The Blue Business Plus no longer offers a sign up bonus.
However, they offer 2X Membership Rewards points on everyday business purchases such as office supplies or client dinners. That applies to the first $50,000 in purchases per year, 1 point per dollar thereafter. It's a pretty good offer for a card that doesn't charge an annual fee.
There are tons of cash bonus credit cards that offer you money for meeting a spending requirement in the first few months. These cards are a good way to get a hefty rebate on your purchases at the start, especially if they also have no annual fee. But it’s important to remember that initial bonuses are just that – initial. You’ll want to choose a card that provides great everyday perks even after you earn the bonus.… read full answer
Today’s best cash bonus credit cards:
American Express Cash Magnet® Card
Blue Cash Preferred® Card from American Express
Capital One® Savor® Cash Rewards Credit Card
Chase Freedom Unlimited®
Capital One Quicksilver Cash Rewards Credit Card
Ink Business Cash® Credit Card
Some cash bonus credit cards offer the same cash back rate on all purchases. Other cards give even higher earning rates in certain bonus categories – for example, gas or groceries.
This information is accurate as of August 2019. Terms apply.
The best free flight credit card is Chase Sapphire Preferred because it gives new cardholders up to 3 free flights (round-trip) between New York and Los Angeles for spending $4,000 in the first 3 months. Specifically, Sapphire Preferred’s initial bonus is 60,000 points, which is worth $750 in travel booked through Chase Ultimate Rewards. And that in turn is worth around 3 free flights, based on current fares. You can also transfer points at a 1:1 ratio to Chase’s 9 airline partners, including Southwest, United and JetBlue. How many free flights you can get that way depends on those transfer partners’ ticket prices.… read full answer
Chase Sapphire Preferred will also help you earn free flights over time, giving 2 points per $1 spent on travel and dining (1 per $1 on everything else). And it has a $95 annual fee. But for all that if offers, Sapphire Preferred is still a general travel card. That means it lacks a lot of the perks normally found on airline-specific cards, such as free checked bags and priority boarding. The Citi / AAdvantage Platinum Select World Elite Mastercard offers both. And it gives 50,000 miles when you spend $2,500 in the first 3 months, plus 2 miles per $1 spent on American Airlines purchases, dining and gas.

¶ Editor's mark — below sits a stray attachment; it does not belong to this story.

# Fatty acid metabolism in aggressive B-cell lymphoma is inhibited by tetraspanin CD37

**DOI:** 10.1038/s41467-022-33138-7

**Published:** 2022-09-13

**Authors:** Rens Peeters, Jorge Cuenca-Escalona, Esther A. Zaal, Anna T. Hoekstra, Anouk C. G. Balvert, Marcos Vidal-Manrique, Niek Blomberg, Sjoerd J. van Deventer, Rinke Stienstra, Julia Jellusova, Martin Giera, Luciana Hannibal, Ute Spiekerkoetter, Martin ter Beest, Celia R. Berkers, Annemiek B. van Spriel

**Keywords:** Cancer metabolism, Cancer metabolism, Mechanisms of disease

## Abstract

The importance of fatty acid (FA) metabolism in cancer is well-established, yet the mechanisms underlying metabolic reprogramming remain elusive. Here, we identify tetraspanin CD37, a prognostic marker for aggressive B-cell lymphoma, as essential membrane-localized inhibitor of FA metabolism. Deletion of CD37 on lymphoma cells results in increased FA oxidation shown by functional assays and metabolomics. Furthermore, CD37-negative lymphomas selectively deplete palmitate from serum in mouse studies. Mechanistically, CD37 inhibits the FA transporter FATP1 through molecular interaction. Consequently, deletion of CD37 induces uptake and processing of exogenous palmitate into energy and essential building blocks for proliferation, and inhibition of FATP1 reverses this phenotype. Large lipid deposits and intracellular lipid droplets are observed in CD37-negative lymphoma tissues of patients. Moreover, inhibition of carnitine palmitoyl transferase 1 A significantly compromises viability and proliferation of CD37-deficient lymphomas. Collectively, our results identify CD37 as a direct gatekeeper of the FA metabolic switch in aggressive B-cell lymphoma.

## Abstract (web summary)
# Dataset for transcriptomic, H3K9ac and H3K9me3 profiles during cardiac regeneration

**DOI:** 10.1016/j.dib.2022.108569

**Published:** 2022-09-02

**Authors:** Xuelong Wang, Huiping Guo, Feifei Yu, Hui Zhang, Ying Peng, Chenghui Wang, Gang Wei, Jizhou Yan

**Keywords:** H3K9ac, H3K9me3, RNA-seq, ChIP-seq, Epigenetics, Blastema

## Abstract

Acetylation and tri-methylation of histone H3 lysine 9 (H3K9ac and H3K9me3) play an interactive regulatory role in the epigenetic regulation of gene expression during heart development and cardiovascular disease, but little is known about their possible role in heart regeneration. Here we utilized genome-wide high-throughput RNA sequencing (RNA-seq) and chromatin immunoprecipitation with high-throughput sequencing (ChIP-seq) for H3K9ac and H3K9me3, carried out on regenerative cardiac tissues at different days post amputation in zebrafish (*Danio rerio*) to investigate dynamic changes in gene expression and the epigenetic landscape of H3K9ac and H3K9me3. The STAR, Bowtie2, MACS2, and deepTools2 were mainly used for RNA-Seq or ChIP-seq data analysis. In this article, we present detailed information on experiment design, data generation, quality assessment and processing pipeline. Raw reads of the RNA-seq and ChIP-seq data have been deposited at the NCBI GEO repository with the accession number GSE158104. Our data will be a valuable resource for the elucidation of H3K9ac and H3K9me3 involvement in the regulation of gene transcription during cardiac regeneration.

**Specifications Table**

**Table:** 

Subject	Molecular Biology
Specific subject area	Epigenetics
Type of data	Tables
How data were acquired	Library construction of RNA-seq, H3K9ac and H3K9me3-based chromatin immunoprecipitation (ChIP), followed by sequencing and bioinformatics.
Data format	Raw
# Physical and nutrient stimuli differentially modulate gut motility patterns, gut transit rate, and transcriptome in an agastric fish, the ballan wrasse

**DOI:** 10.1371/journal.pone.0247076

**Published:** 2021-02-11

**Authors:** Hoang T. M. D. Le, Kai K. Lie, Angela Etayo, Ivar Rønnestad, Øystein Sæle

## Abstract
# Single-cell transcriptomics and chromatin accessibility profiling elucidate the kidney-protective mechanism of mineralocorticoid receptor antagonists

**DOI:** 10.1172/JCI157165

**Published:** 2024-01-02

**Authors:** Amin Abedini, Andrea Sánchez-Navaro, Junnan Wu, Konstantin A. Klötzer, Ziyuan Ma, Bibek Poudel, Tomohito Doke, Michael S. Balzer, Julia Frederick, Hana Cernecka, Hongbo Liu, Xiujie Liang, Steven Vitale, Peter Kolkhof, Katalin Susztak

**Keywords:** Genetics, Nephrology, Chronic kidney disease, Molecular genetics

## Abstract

Another good free flight credit card is the Capital One Venture card, which offers 50,000 miles when you spend $3,000 in the first 3 months or 100,000 miles when you spend $20,000 in the first 12 months. The bonus miles are worth up to $1,000 in free flights or other travel. The annual fee is $95. Also, the co-branded United MileagePlus Explorer card gives you 70,000 miles when you spend $3,000 in the first 3 months. There’s a $0 annual fee for first year. After that, it jumps to $95.
Sometimes, airline credit cards will actually say straight up that they’ll give you free flights, rather than a certain number of miles worth a certain amount in airfare. Plus, several airline cards currently offer companion tickets – allowing a guest to travel with you for free (or close to it) – as part of your sign-up bonus, as an annual renewal bonus or both. The Platinum Delta SkyMiles card is a good example.
Free flight credit cards obviously offer a lot of perks. And while you will likely have to contend with an annual fee, the card should more than pay for itself if you travel a lot and take advantage of all the benefits at your disposal. Just make sure to pay your entire balance each month so that interest charges don’t cancel out your rewards earnings. Also, it’s worth noting that you will need good to excellent credit to qualify for most of these cards.
WalletHub Answers is a free service that helps consumers access financial information. Information on WalletHub Answers is provided “as is” and should not be considered financial, legal or investment advice. WalletHub is not a financial advisor, law firm, “lawyer referral service,” or a substitute for a financial advisor, attorney, or law firm. You may want to hire a professional before making any decision. WalletHub does not endorse any particular contributors and cannot guarantee the quality or reliability of any information posted. The helpfulness of a financial advisor's answer is not indicative of future advisor performance.
WalletHub members have a wealth of knowledge to share, and we encourage everyone to do so while respecting our content guidelines. Please keep in mind that editorial and user-generated content on this page is not reviewed or otherwise endorsed by any financial institution. In addition, it is not a financial institution’s responsibility to ensure all posts and questions are answered.
Ad Disclosure: Certain offers that appear on this site originate from paying advertisers, and this will be noted on an offer’s details page using the designation "Sponsored", where applicable. Advertising may impact how and where products appear on this site (including, for example, the order in which they appear). At WalletHub we try to present a wide array of offers, but our offers do not represent all financial services companies or products.